The research, which is under review by The Astrophysical Journal, suggests that it wouldn’t take as long as Sagan and Newman thought for a spacefaring civilization to planet-hop across the galaxy, because the movements of stars can help distribute life. “The sun has been around the center of the Milky Way 50 times,” says Jonathan Carroll-Nellenback, an astronomer at the University of Rochester, who led the study. “Stellar motions alone would get you the spread of life on time scales much shorter than the age of the galaxy.” Still, although galaxies can become fully settled fairly quickly, the fact of our loneliness is not necessarily paradoxical. According to simulations by Carroll-Nellenback and his colleagues, natural variability will mean that sometimes galaxies will be settled, but often not—solving Fermi’s quandary.
The question of how easy it would be to settle the galaxy has played a central role in attempts to resolve the Fermi paradox. Hart and others calculated that a single spacefaring species could populate the galaxy within a few million years, and maybe even as quickly as 650,000 years. Their absence, given the relative ease with which they should spread, means they must not exist, according to Hart.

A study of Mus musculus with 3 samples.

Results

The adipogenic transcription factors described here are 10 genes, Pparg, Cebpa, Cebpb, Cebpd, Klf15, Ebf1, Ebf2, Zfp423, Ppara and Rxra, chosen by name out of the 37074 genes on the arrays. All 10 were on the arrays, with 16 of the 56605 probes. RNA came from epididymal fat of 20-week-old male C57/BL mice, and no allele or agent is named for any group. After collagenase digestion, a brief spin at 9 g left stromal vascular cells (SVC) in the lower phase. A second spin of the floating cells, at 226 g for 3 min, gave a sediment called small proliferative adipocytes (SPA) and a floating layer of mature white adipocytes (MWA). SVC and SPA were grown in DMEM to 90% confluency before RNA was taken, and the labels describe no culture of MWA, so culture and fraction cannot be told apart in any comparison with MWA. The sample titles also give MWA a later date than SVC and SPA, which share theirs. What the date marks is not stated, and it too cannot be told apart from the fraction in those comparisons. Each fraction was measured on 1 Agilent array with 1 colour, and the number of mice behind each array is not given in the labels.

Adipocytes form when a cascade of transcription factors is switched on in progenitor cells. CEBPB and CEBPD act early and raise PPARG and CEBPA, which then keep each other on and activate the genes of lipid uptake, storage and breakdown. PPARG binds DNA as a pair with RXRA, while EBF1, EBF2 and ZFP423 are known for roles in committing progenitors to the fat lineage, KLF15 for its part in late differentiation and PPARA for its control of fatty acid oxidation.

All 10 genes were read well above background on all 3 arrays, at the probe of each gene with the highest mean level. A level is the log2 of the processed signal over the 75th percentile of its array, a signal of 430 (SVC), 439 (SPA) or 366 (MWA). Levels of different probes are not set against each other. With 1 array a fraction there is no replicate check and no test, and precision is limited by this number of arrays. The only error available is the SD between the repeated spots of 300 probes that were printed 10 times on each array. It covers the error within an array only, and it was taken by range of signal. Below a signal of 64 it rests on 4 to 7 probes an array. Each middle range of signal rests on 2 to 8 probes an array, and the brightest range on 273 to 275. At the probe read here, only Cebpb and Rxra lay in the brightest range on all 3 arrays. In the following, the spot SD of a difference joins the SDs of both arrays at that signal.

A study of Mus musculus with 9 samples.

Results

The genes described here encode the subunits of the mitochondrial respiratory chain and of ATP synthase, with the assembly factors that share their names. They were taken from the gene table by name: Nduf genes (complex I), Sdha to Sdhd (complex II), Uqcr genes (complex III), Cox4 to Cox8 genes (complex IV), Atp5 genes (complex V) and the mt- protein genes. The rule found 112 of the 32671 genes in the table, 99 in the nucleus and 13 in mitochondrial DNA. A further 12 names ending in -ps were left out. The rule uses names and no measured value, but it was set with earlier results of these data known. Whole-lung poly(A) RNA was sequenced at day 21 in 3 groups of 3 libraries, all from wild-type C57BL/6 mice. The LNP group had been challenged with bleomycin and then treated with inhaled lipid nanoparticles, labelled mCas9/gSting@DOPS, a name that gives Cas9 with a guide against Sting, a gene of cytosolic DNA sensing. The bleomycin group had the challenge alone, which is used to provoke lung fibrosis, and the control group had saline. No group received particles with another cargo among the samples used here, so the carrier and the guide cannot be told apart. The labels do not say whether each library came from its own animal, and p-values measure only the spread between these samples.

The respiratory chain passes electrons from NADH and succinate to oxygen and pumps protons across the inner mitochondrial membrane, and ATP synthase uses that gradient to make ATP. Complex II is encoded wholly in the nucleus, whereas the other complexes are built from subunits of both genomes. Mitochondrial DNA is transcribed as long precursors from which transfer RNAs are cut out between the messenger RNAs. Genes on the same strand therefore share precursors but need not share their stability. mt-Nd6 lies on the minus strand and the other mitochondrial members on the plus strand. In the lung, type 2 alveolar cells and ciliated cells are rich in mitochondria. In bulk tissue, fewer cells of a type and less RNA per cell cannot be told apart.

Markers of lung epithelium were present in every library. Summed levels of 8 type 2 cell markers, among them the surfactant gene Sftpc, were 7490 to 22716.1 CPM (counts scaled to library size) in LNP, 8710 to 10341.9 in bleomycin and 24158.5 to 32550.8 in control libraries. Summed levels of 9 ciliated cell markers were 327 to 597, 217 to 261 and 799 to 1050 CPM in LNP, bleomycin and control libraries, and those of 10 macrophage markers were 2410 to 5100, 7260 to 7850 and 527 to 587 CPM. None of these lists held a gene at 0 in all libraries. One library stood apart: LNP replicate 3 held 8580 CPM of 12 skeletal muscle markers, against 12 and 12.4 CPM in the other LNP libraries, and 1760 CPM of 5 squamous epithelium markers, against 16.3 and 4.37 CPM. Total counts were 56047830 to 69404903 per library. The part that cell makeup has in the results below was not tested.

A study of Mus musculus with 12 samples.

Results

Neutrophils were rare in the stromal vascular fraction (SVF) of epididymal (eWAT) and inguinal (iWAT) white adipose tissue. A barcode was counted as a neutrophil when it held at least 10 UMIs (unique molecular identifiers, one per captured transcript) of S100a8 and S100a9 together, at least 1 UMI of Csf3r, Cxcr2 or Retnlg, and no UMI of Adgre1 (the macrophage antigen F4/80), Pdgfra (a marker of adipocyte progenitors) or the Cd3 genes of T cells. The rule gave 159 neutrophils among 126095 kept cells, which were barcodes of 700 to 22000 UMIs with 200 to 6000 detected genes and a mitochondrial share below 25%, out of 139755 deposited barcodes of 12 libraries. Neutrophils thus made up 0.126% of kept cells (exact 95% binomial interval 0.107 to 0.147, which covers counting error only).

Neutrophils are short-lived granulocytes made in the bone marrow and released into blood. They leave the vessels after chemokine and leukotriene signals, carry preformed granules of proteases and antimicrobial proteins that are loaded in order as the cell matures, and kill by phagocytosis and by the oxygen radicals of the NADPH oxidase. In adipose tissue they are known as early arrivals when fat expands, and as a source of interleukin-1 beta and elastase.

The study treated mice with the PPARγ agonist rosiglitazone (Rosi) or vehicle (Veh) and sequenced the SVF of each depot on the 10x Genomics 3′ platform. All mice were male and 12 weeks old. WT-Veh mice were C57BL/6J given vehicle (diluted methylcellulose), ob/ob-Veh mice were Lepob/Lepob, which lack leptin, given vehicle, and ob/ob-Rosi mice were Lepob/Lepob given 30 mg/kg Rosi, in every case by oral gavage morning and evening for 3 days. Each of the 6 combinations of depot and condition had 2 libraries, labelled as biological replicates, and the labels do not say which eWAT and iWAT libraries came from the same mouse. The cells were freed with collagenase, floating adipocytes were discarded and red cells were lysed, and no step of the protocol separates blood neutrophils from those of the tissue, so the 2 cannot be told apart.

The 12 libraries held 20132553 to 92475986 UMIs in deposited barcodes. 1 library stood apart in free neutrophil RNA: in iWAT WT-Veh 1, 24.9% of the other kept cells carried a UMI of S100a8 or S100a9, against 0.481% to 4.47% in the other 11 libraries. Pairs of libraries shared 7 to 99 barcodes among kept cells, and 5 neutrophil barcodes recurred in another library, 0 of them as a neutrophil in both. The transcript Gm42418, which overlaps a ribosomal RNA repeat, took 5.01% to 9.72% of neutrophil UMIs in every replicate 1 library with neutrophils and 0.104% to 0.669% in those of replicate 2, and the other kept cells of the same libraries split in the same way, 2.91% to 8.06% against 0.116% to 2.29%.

Sagan and Newman argued it would take longer, in part because long-lived civilizations are likelier to grow more slowly. Faster-growing, rapacious societies might peter out before they could touch all the stars. So maybe there have been a lot of short-lived, fast-growing societies that wink out, or a few long-lived, slowly expanding societies that just haven’t arrived yet, as Jason Wright of Pennsylvania State University, a co-author of the new study, summarized Sagan and Newman’s argument. But Wright doesn’t agree with either solution.
“That conflates the expansion of the species as a whole with the sustainability of individual settlements,” he says. “Even if it is true for one species, it is not going to be this iron-clad law of xenosociology where if they are expanding, they are necessarily short lived.” After all, he notes, life on Earth is robust, “and it expands really fast.”